Waiters wear gloves and transparent face shields, and use a long board to bring dishes into the glass cabins to ensure minimal physical contact with customers
A Dutch restaurant has come up with an idea on how to offer classy outdoor dining in the age of coronavirus: small glass cabins built for two or three people, creating intimate cocoons on a public patio.
Waiters wear gloves and transparent face shields, and use a long board to bring dishes into the glass cabins to ensure minimal physical contact with customers.
While the concept is currently being trialed only for family and friends of staff from the ETEN restaurant, which is part of the Mediamatic arts centre, it certainly looks glamorous, as diners enjoy candle-lit meals with a waterside view.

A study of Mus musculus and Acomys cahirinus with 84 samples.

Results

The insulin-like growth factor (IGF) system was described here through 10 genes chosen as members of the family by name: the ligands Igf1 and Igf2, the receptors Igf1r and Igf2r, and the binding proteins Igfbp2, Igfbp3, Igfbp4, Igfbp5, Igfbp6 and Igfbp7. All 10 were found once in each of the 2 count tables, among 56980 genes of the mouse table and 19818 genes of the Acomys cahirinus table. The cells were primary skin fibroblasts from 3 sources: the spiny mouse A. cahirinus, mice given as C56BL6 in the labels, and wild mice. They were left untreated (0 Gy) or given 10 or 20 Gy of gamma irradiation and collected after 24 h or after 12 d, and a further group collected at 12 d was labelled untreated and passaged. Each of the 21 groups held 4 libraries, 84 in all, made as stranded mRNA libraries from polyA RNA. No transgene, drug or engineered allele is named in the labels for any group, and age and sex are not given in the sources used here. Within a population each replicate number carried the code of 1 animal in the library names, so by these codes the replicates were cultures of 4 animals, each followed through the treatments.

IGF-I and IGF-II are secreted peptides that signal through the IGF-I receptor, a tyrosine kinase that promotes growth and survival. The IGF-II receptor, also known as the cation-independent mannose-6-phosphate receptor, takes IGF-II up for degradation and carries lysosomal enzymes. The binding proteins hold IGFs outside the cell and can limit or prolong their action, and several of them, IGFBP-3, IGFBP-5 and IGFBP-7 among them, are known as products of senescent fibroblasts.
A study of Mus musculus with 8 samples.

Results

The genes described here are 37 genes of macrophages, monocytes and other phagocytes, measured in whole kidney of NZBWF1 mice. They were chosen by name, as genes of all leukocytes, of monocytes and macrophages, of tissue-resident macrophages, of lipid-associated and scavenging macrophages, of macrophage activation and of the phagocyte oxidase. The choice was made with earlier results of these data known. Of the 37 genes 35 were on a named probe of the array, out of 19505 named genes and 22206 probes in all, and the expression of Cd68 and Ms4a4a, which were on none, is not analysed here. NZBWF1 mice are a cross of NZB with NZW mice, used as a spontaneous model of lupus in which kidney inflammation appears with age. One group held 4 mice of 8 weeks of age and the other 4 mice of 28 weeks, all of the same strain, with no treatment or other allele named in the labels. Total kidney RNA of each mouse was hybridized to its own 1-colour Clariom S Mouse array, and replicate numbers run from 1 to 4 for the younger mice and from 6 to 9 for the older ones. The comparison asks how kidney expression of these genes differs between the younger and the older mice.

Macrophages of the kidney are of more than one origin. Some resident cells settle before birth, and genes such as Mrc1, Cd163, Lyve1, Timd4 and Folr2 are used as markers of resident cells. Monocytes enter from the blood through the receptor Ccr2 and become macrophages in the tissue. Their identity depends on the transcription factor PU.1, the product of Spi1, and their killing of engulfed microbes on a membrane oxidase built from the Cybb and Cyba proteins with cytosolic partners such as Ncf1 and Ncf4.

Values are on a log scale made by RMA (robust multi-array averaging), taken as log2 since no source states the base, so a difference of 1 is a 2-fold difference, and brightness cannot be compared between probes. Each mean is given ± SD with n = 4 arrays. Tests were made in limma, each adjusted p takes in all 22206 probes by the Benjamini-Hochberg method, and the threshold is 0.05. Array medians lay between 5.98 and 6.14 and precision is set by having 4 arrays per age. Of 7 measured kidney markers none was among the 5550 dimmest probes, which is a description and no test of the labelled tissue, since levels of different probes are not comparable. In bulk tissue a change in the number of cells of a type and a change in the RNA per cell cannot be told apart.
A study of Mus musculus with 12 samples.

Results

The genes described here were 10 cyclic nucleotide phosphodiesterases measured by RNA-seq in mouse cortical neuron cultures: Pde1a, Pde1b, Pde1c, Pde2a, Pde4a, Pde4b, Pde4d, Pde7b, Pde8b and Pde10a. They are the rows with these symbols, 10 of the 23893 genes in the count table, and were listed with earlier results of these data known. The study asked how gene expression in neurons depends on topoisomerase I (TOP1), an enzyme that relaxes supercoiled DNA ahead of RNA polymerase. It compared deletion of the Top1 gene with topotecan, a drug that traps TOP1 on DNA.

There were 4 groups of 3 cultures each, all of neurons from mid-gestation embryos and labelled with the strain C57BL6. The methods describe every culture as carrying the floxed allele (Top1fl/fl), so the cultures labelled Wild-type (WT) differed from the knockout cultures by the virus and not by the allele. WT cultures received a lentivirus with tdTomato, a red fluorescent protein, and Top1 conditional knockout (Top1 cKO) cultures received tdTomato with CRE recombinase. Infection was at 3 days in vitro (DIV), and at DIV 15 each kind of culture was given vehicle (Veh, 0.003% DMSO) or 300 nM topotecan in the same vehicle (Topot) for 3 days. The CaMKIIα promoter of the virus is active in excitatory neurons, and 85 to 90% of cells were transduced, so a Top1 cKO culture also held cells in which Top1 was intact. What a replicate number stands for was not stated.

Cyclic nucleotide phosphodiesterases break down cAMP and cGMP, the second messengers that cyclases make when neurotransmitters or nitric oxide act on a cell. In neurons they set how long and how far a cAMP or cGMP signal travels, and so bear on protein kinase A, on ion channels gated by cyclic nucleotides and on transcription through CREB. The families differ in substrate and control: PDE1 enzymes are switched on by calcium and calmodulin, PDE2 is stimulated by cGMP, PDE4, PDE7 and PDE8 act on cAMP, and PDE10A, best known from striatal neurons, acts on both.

“It’s super-cosy, it’s really cosy, it’s nice and the food is delicious,” said Janita Vermeulen, who was invited to a trial dinner with her roommate.
Organizers call the project ‘Serres Séparées’ (Separate Greenhouses) because they say it sounds better in French.
“We are now learning how to do the cleaning, how to do the service, how to get the empty plates out again in an elegant way, so you still feel taken care of nicely,” said Willem Velthoven of Mediamatic.
Dutch restaurants are closed to the public until at least May 19, though kitchens may operate for takeaway.
The Netherlands’ restaurant association KNH has said that even if restaurants are allowed to reopen at limited capacity and with safety measures in place, many face financial ruin if social distancing rules are maintained.
The Dutch government was expected to lay out a roadmap later on Wednesday for how and when it may begin loosening restrictions.